BART completes shooting investigation

January 13, 2009 12:37:38 PM PST
Bay Area Rapid Transit officials say they've completed their internal investigation of the New Year's Day fatal shooting of an unarmed black man by a white police officer.

BART wrapped up its investigation into the New Year's Day shooting of Oscar Grant. Included in the report, is a statement from the officer involved. That officer, Johannes Mehserle, refused to speak to investigators.

The BART of Directors voted unanimously to create a sub-committee that will oversee all issues for BART. It was a meeting like many others where tensions were extremely high, and it ended with one member of the BART board saying that she plans to formally ask the BART general manager and police chief to resign.

"Enough is enough. Take it to the Feds," said Oakland business owner Frank Tucker.

That was the call for BART's board of directors today from some angry community leaders and even BART employees.

"I'm ashamed as a BART employee to stand here to address my leaders," said BART station agent Connie Rainey.

As promised, BART'S Board voted to create a sub-committee to oversee police issues in the wake of the shooting death of Oscar Grant.

"Tragic though it was this incident should not be the sole reflection of BART police or the BART organization," said BART Board President Thomas Blalock.

But for many, the move still is not enough.

"It wasn't an accident. It was murder and it should be treated as such," said Oakland resident Alphonso Galloway.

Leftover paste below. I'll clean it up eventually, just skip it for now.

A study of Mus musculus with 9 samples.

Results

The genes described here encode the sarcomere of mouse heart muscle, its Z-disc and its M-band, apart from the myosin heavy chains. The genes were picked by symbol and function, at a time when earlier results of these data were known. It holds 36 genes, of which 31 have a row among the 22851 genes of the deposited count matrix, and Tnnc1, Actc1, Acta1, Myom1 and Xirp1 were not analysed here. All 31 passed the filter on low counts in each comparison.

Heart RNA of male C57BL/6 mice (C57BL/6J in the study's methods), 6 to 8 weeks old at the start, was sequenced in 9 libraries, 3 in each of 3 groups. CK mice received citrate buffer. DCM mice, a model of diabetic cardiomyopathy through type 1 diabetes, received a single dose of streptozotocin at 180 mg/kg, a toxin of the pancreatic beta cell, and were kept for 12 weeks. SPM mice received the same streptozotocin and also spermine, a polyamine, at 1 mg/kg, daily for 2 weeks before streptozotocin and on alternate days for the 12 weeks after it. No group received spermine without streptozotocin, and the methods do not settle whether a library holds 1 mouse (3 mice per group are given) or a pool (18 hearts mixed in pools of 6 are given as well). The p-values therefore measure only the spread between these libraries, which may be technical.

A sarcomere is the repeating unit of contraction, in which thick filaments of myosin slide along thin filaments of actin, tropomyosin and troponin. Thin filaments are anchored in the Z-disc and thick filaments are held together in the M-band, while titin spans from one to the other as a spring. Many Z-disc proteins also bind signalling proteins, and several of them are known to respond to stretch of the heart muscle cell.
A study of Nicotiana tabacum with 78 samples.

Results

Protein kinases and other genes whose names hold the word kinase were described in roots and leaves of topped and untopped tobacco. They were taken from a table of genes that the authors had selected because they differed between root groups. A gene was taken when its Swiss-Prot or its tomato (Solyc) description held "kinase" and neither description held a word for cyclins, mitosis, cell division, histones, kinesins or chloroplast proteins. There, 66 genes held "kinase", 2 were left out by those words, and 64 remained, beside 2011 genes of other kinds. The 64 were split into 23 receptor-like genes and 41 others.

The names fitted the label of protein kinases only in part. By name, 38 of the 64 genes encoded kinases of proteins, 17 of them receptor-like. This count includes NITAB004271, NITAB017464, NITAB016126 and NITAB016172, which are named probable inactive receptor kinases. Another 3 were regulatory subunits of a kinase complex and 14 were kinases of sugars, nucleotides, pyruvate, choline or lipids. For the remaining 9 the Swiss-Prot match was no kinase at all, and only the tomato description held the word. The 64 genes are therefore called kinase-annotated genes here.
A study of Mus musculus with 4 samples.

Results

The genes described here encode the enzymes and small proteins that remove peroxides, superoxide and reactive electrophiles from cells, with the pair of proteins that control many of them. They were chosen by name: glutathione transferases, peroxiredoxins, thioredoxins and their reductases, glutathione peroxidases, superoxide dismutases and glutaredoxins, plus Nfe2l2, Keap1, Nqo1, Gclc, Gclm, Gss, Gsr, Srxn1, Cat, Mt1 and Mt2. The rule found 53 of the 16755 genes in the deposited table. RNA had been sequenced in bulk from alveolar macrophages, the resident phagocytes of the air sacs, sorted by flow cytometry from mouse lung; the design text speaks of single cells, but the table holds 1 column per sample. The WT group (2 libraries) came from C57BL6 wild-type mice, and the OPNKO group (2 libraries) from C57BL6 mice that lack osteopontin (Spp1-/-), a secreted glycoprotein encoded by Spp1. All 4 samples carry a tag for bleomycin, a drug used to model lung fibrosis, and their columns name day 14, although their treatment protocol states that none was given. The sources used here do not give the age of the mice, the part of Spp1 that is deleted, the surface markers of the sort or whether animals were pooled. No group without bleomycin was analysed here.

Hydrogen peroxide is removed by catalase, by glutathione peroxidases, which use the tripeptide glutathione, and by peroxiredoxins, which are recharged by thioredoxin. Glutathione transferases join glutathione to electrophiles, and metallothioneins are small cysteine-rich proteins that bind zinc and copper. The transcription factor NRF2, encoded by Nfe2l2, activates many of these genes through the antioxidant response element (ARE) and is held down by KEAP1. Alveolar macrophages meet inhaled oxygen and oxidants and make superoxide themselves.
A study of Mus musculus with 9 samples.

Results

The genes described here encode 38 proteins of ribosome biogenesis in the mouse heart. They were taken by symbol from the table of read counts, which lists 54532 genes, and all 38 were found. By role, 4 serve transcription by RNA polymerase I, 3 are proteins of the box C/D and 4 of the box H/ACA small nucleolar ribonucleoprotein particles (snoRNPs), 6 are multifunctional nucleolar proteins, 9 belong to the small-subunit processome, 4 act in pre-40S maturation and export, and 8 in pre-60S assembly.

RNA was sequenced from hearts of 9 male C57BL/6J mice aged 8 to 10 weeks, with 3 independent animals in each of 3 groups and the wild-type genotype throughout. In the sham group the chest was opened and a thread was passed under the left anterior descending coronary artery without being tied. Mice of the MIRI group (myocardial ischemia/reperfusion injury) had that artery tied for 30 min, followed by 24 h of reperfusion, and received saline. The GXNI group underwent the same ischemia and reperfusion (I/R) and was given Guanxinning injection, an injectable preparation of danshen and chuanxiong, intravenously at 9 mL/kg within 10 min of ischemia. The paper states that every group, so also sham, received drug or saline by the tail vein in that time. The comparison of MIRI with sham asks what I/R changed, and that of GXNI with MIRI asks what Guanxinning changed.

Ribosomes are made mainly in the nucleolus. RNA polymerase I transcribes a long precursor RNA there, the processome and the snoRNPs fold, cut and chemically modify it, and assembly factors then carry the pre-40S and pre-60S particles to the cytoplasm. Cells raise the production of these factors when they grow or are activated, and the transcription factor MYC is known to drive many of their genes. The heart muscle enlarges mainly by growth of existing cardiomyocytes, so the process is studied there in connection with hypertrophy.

BART's general manager Dorothy Dugger announced the transit agency concluded its own internal investigation into the New Year's morning shooting at the Fruitvale BART station.

The results of that investigation handed over to the Alameda County's District Attorney to decide whether to file criminal charges against Johannes Mehserle, who resigned from the force last week after refusing to talk with investigators.

"We urge the District Attorney to expeditiously review all of that evidence and to bring this investigation to a conclusion as rapidly as possible," said Dugger.

BART Police Chief Gary Gee said Mehserle exercised his Fifth Amendment rights that night. Investigators have interviewed more than 40 people since the shooting, including the officers also at the Fruitvale station that night, but he refused to say what conclusions, if any, BART's investigators reached.

"Until the DA has a chance to review all the facts and evidence and make a decision, we are going to respect the DA's ability," said Chief Gee.

The DA said its investigation will take about two weeks and it will likely conclude sometime next week. The U.S. Department of Justice confirms it sent officials whose expertise is resolving and preventing racial conflict to Oakland to meet with local law enforcement and African-American community leaders.

Click here to read ABC7's live blog from the press conference.